Grate and Great

Commonly Confused Words

Full Frame Shot Of Metal Grate
Constantin Pappas / EyeEm / Getty Images

The words grate and great are homophones: they sound the same but have different meanings.


As a noun, grate means a fireplace or a framework of crossed bars. As a verb, grate means to grind, scrape, or irritate.

The adjective great means much more than average or ordinary in size, extent, volume, value, or importance.


  • "The chair was deep, and dry logs crackled in the grate, contrasting pleasantly with the patter of rain against the window."
    (Sylvia Townsend Warner, Winter in the Air and Other Stories, 1955)
  • Harvey's laughter made Aunt Karen grate her teeth.
  • "Anything is possible on a train: a great meal, a binge, a visit from card players, an intrigue, a good night's sleep, and strangers' monologues framed like Russian short stories."
    (Paul Theroux, The Great Railway Bazaar, 1975)
  • "I love my father, but it's a complicated love. He can be great, really great, and then he's suddenly a storm slowly building, a storm that finally tosses lawn furniture and garbage cans, knocks trees down onto roofs."
    (Deb Caletti, The Story of Us. Simon Pulse, 2012)
  • "Onto the high plains sifted the fine snow, delicately clouding the air, a rare dust, beautiful, he thought, silk gauze, but there was muscle in the wind rocking the heavy car, a great pulsing artery of the jet stream swooping down from the sky to touch the earth."
    (Annie Proulx, "The Half-Skinned Steer." The Atlantic Monthly, 1998)
  • "I toasted the grated cheese besides the great grate on the great fire that was in the great hall at my great-grandfather's mansion."
    (J. Jonathan Gabay, Gabay's Copywriters' Compendium: The Definitive Professional Writer's Guide. Butterworth-Heinemann, 2007)

Idiom Alerts

  • The expression to grate on (someone) or to grate on (someone's) nerves means to annoy or bother a person.
    "ReiIly's genuine sympathy and nice-guy attitude were starting to grate on my nerves. People just weren't that kind."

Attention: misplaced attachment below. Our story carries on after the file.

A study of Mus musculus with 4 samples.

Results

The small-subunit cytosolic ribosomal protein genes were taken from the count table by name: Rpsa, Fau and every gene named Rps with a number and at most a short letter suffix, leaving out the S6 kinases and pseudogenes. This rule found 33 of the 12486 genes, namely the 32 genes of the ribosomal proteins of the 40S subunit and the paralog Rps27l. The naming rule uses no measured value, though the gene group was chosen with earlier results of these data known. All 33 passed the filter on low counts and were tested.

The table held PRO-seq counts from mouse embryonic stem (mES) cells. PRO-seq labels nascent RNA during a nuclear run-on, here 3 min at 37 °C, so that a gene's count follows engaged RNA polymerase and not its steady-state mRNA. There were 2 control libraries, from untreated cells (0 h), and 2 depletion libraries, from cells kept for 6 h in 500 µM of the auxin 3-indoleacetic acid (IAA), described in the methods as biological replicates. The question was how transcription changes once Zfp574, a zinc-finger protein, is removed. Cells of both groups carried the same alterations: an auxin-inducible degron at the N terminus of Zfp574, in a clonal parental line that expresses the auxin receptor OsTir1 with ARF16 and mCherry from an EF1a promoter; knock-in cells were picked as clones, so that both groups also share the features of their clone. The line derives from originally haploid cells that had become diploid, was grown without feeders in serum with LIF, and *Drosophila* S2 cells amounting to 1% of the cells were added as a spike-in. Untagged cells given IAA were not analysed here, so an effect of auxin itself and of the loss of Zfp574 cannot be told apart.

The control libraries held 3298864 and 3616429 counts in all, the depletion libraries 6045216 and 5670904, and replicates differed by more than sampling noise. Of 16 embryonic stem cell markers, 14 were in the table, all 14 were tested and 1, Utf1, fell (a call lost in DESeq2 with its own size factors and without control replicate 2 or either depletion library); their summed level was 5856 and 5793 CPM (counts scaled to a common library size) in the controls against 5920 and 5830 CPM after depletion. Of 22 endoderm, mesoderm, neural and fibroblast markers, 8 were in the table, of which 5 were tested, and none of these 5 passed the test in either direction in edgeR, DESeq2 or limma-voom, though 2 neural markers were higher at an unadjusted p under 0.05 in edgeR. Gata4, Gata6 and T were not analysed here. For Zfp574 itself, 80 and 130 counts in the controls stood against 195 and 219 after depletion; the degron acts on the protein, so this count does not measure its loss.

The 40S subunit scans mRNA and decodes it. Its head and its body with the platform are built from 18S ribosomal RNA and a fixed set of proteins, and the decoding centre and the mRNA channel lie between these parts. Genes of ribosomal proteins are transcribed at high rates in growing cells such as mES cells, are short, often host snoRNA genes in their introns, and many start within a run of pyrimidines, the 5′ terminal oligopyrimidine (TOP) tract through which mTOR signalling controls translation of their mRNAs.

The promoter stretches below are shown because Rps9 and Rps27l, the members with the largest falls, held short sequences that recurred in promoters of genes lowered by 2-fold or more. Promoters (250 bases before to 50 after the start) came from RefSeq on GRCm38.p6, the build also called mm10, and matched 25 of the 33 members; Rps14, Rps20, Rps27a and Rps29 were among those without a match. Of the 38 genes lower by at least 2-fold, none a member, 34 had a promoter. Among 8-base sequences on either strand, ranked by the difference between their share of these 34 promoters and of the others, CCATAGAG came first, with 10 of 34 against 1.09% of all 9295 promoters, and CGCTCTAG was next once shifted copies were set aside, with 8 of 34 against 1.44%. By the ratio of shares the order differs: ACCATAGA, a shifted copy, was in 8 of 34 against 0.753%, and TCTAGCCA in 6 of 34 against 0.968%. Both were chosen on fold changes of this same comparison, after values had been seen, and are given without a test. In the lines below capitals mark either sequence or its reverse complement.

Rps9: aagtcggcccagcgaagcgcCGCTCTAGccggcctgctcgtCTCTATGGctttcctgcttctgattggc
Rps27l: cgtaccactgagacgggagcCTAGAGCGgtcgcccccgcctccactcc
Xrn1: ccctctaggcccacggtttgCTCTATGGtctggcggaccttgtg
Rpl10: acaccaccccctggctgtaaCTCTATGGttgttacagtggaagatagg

(Kelly Meding, Another Kind of Dead. Bantam, 2011)
  • The expression great minds think alike (or simply, great minds) means that one person agrees with another on some issue.
    "Gabe laughed. . . . 'Maybe we can follow him and find out what he's up to.'
    "At this, Abby couldn't help but smile. 'I was actually thinking the same thing.'
    "Gabe smiled at her, so openly that her stomach flipped. Why did he have to keep doing that? 'Great minds,' he said. 'I'll see you at practice. We'll figure out our plan of attack then.'"
    (Cassandra Dunn, The Art of Adapting. Thorndike, 2014)


(a) Moby Dick, the _____ white whale, was a symbol of the world's evils to Captain Ahab.
(b) "Carefully she tore the letter into narrow strips and touched a lighted match to them in the coal _____."
(Katherine Anne Porter, "Theft." The Gyroscope, 1930)
(c) Harold's first _____ mistake was attempting to cheat on the exam.

Answers to Practice Exercises

Glossary of Usage: Index of Commonly Confused Words

200 Homonyms, Homophones, and Homographs

Answers to Practice Exercises: Grate and Great

(a) Moby Dick, the great white whale, was a symbol of the world's evils to Captain Ahab.
(b) "Carefully she tore the letter into narrow strips and touched a lighted match to them in the coal grate."
(Katherine Anne Porter, "Theft." The Gyroscope, 1930)
(c) Harold's first great mistake was attempting to cheat on the exam.

Nordquist, Richard. "Grate and Great." ThoughtCo, Feb. 16, 2021, Nordquist, Richard. (2021, February 16). Grate and Great. Retrieved from Nordquist, Richard. "Grate and Great." ThoughtCo. (accessed June 5, 2023).